Who are you?
My name is Aleksandra Jovanić and I “live and work“ in Belgrade, Serbia. I got degrees in two distinct fields, so I usually go by artist and programmer. I am an assistant professor at the Faculty of Fine Arts, and I teach Technology of New Media at the Department of New Media, Interactive Media at Interdisciplinary Ph.D. studies in Digital Art, 3D modeling at Game art and design MA program.
When did you start making art?
I’ve started exhibiting 20 years ago, but I’ve been making some kind of art or things as long as I’ve know. Although I had some noted achievements in art during school, I decided to study computer science. By the end of my studies, I started slowly introducing back art and design to my everyday practice. At first, through web design, then illustration and graphic design, until some interesting life situations led me to postgrad studies in Digital Arts. And now I teach at this program.
How did you hear about FxHash?
I simply spend too much time on Twitter. But, I have to admit @sableRaph made a crucial nudge when he invited me to the creative coding meet-up he is hosting, to explore FxHash more and to try to make something together. So one thing led to another, plus there was a huge hype around FxHash, I just had to try it. I love the possibility of multiple 1/1 outputs.
You have a very distinct style and color choice. What inspired this?
I’ve always liked using all colors, muted and pastel mostly, but I’m also not afraid of dark and saturated for contrast. It all depends on the shapes and composition of the piece. I’m mostly influenced by simplified flat design, 60s graphic design but also generative art, op-art, minimalism art (from the same period), and also geometry, math visualizations, cartography and maps, vintage books with intricate schematics and graphs.
Your genesis piece was “Reflection of stripes 001”. How did this piece come to be?
The whole last year I’ve been trying to do daily coding. I managed to do some long streaks. Now I’m on the longest so far, 90 days. When I do those, I start with something really simple, and every day add something new through code. Before Reflections I was developing Portals, and through portals, you can see the sky changing colors depending on the time of the day in your time zone. For that, I coded a 2d gradient – on x-axes colors correspond to the time of the day, and on y I chose 3 colors for vertical gradient. It worked so well I continued exploring this part of the code more. So whenever I choose 4 random colors from this huge sky gradient I got nice new gradients. I colored the grid, moved dots on the grid with noise, then rounded corners of squares, aligned squircles in the grid… so eventually I got to overlap them, and reflections, refractions, and diffractions were born.
“Reflection of Stripes 001 #66” by Aleksandra (Click Image To Enable Motion)
Colorfalls was the first piece of yours I saw. What ideas or emotions did you hope to convey with this work?
I often, or almost always, do representational generative art, so plants are a recurring theme for me. I did Ferns series, Physalis and Phragmites on HEN. These slow, infinite and never repeating movements convey calmness, serene spaces, and dreamlike narratives. From time to time people write to me that these are exactly emotions my pieces invoke in them.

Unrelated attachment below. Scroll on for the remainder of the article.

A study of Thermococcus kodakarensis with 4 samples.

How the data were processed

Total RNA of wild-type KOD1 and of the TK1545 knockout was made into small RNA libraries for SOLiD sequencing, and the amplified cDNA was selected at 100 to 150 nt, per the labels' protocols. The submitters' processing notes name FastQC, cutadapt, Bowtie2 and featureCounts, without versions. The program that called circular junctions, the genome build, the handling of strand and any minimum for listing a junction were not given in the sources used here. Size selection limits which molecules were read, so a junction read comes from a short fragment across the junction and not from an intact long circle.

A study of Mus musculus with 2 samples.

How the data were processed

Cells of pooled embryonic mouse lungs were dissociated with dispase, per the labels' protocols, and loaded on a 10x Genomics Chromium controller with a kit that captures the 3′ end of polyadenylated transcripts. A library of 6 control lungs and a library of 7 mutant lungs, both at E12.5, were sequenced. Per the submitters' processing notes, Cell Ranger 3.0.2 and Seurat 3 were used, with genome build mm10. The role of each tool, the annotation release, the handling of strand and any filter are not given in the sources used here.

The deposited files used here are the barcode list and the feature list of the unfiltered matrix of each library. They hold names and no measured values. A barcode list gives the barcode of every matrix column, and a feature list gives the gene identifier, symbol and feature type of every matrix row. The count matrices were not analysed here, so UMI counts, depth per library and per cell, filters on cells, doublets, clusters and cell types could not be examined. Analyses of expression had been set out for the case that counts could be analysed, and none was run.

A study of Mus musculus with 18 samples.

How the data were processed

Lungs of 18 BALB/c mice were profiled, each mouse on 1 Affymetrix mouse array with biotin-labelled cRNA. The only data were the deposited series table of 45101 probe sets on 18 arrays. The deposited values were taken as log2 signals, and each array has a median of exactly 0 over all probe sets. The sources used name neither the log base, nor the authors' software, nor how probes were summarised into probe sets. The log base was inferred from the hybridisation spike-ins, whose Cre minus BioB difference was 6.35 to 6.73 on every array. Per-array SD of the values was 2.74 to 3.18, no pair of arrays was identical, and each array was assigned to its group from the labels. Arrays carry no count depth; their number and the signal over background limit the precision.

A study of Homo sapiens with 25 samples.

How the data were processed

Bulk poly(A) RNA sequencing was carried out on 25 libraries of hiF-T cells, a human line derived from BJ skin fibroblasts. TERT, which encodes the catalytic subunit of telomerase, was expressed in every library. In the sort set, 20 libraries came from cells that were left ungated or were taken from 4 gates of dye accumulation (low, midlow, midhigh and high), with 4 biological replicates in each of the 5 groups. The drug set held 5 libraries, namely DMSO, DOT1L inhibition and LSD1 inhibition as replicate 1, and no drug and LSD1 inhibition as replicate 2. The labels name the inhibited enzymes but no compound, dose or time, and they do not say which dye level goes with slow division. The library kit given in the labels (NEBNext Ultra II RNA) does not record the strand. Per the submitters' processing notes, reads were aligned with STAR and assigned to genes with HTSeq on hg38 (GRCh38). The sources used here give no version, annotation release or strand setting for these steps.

“Colorfalls #42” by Aleksandra
Mid century modern has been one of your most successful works on FxHash so far. Unlike most of your other works it is very bold, still, and they all follow a similar color palette. How did this work come to be?
Surprisingly or not, it is also my most successful image on Instagram (according to likes). I started this theme with just vertically repeated S curves, black on white. At one point I’ve connected lines into something that looked like rubber bands, red rubber bands… and that’s how I got to this color palette. Further explorations of possibilities led me to rotate colors more, and I got a lot of different outputs with just 3 colors. Eventually, it all, both colors and shapes, looked so mid-century modern.
How have you felt about the reception your art has received on FxHash so far?
I’m still overwhelmed with the reception of my NFTs on all platforms. FxHash features this gambling moment in the minting phase – what will collectors get, how will my collection eventually look like, is everything going to look and work as expected. Some pieces get more attention than others, and I usually can’t explain why. My favourite SKELETON LEAVES got the least attention.
“SKELETON LEAVES #18” by Aleksandra
Do you have any life lessons you’d like to share?
Don’t mint as soon as you finish the piece, maybe tomorrow you’ll get an idea for how you can make it even better. Happens to me all the time. Not just for minting, for everything. In Serbian, there is a proverb: Strpljen spašen. [Saved by patience.]
What do you have planned for 2022?
I’d like to get more time to make physical pieces, continue exploring mixing media – usually traditional techniques in combination with generative art. Hopefully, I’ll also start incorporating more of my previous explorations in the area of game art.
Is there anyone you’d want to shout out?
Vukašin Stančević, Lomz. We live in the same city, and I’ve known his work for years through exhibitions, and often showed them to my students. This year he was a guest artist at one of my lectures, and it was very exciting to find out more about his processes and motivation. His recent piece Kolorfon on FxHash actually exists as a physical installation: https://lomz.net/kolorfon.html
Thank you for inviting me for this interview. I liked going back through the timeline to reverse engineer how I came to the final pieces.